The NSA phone-records controversy, Target and Tom Emmer, Jewish culture on the Iron Range and more.

Congress, take back the wheel: NSA collection of phone numbers isn’t new

from Brick City Blog by Sean Olsen

The sad reality, though, is that these programs that collect huge amounts of data aren’t new. They’ve just been largely ignored by the media — in both the Bush and Obama Administrations.


from Mr. Dilettante’s Neighborhood by Mark Heuring

The broad point of this morning’s revelations is pretty simple — we all stand naked in the public square, but our government does not. It’s not a Republican/Democrat issue, either, since the programs began under the Bush administration and have continued apace under Obama. If there’s a political point to be scored here, it’s that there really aren’t too many consistent civil libertarians on the field these days, and that the Fourth Amendment is pretty close to a dead letter, for this and other reasons. We’re overdue for a national conversation about that sort of thing.


from Wry Wing Politics by Joe Loveland

Target’s bankrolling of Emmer resulted in a long string of negative news stories, a national boycott, social media mocking, in-store protests and stockholder questioning.  It was not the Target brand’s finest hour.

The case against Majority Leader Tom Bakk – Part 2

from mnpACT! Progressive Political Blog by Dave Mindeman

Although Republican obstruction is the main problem with moving a Minnesota agenda forward, it is not the only problem.

Compromise is a good and necessary thing within a legislative issue, but taking a broader “let’s make a deal” approach with unrelated pieces of the puzzle can be a set back.

An open letter to Minnesota Orchestra fans who purchased tickets for 2012-2013

from Thoughts Towards a Better World by Dick Bernard

To those of you who feel helpless in this situation, I understand. I feel helpless too.

But if each one of us in some directly affirmative way get into action, there is no way that the Board can continue its current posture, which is to stonewall, and blame the Orchestra Union for the stalemate which the Board, itself, created.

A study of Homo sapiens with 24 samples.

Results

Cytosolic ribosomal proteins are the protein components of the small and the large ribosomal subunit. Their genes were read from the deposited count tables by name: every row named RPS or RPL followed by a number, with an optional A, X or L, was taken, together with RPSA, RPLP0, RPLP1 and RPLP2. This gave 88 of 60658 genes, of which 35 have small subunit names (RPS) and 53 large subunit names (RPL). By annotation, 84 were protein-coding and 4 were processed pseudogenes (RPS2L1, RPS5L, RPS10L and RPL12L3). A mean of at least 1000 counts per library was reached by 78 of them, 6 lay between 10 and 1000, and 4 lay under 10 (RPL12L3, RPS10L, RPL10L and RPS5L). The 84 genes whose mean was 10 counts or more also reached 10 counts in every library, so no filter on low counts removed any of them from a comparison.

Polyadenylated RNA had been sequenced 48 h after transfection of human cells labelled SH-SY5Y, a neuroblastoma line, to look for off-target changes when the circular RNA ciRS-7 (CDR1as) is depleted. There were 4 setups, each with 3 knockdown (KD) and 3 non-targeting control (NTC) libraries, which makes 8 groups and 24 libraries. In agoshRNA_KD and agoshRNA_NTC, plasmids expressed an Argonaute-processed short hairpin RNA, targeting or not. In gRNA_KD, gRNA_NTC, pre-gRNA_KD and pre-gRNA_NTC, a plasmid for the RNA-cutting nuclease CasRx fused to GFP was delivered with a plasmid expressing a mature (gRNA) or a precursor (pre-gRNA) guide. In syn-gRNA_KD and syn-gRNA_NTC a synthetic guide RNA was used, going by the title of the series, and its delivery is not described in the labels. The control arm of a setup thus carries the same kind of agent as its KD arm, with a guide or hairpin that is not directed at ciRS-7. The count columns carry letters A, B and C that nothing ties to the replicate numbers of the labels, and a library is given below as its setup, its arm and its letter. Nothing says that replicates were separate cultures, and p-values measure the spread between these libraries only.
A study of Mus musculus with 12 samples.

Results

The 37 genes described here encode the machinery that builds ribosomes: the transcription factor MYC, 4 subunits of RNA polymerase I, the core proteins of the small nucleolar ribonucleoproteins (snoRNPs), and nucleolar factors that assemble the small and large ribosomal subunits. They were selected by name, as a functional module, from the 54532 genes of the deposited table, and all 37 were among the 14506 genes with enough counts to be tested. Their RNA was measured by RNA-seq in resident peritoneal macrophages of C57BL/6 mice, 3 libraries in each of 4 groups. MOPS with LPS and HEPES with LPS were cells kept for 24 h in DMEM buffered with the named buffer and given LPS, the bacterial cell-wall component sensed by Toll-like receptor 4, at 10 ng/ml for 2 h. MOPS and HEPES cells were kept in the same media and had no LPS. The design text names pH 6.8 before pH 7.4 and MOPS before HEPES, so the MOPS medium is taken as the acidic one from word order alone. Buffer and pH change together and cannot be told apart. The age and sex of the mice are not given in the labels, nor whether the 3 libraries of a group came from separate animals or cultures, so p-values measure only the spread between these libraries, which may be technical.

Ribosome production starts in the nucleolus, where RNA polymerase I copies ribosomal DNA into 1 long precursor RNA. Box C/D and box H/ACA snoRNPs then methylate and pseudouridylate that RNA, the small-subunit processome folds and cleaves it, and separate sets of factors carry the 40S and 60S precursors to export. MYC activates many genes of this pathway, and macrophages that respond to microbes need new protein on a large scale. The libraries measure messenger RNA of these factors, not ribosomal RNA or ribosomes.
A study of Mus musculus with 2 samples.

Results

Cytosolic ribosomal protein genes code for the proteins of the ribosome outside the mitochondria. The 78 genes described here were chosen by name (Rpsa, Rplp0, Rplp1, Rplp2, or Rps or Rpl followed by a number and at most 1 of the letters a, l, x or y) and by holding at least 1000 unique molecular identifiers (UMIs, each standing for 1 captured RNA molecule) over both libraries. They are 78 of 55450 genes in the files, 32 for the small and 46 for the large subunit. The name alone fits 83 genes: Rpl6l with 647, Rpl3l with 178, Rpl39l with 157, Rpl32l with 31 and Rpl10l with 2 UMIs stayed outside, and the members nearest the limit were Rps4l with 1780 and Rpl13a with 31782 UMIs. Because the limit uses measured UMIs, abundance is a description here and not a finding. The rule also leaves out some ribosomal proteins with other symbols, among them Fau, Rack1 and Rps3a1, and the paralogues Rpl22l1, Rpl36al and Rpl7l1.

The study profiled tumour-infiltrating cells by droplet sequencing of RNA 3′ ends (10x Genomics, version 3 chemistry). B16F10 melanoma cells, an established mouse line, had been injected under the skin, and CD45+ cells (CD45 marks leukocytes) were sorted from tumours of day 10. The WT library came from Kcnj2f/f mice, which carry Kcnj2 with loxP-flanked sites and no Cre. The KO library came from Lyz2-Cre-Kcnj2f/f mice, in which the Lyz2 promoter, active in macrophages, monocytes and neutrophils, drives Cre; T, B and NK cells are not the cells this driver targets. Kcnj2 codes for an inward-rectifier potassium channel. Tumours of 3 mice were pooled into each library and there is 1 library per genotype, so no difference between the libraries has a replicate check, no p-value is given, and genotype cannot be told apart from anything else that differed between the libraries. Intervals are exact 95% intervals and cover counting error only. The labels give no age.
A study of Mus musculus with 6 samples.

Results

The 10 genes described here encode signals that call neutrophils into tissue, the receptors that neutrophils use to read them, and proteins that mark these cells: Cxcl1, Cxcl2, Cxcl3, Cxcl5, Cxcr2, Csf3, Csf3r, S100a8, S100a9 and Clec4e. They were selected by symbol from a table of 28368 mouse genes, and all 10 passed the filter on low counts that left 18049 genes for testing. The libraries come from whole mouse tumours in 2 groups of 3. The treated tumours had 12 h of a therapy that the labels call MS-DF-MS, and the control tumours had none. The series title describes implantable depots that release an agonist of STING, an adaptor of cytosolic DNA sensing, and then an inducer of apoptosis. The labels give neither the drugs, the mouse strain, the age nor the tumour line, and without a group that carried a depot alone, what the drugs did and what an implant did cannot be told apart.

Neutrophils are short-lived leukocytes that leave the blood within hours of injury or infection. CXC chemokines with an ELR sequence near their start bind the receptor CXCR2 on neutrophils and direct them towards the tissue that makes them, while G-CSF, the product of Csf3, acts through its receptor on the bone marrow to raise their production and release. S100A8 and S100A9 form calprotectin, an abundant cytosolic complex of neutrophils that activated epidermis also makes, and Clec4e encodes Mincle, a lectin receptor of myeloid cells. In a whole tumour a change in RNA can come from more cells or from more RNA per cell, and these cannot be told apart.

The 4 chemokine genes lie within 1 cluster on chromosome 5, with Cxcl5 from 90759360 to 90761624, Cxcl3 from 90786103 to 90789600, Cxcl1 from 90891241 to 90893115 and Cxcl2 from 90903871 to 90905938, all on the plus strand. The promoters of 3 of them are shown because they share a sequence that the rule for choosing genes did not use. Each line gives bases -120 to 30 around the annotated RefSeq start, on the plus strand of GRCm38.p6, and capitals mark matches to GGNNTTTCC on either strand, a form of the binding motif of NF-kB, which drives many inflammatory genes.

If we don’t act, we are complicit in the destruction of this World-Class Orchestra.

B’nai Abraham shares Range Jewish history with stories, music

from Minnesota Brown by Aaron J. Brown

When the Iron Range received a surge of immigrants in the early 20th Century it become one of the most diverse places in the country, a fact that often seems foreign on the Iron Range of today. Among its many groups was a vibrant Jewish community, and though that community mostly dispersed after the natural ore mines wound down in the 1950s and ’60s, elements remain. Key among them, the B’nai Abraham Cultural Center in Virginia, Minnesota, still located at the corner of 4th Avenue and 5th Street.

Why every Christian leader needs to have a good answer about homosexuality

from Theoblogy by Tony Jones

If you’re a Christian leader, you might be asked about immigration or whether you believe in human-made climate change. You will get asked about homosexuality. At a pastors’ conference, on a radio show, on your blog, on Twitter, or just about anywhere.

Alzheimer’s disease and baby doll therapy

from Dating Dementia by Nancy Wurtzel

In return, the doll brings comfort. Comfort to a woman who is nearing the end of her life.  Comfort to an Alzheimer’s person who is almost totally dependent on others to provide for her.  Comfort to a person who deep down is still a mother.

Minnesota Daily humor issue, 1979

from MN70s by Dave Kenney

On June 4, 1979, the University of Minnesota’s student newspaper, the Minnesota Daily, published its annual finals-week humor issue and, in the process, set in motion one of the state’s most contentious First Amendment showdowns. Styled in the tabloid format of the National Enquirer, the publication satirized all sorts of individuals and groups. Most controversial was a mock, profanity-laced interview with Jesus of Nazareth.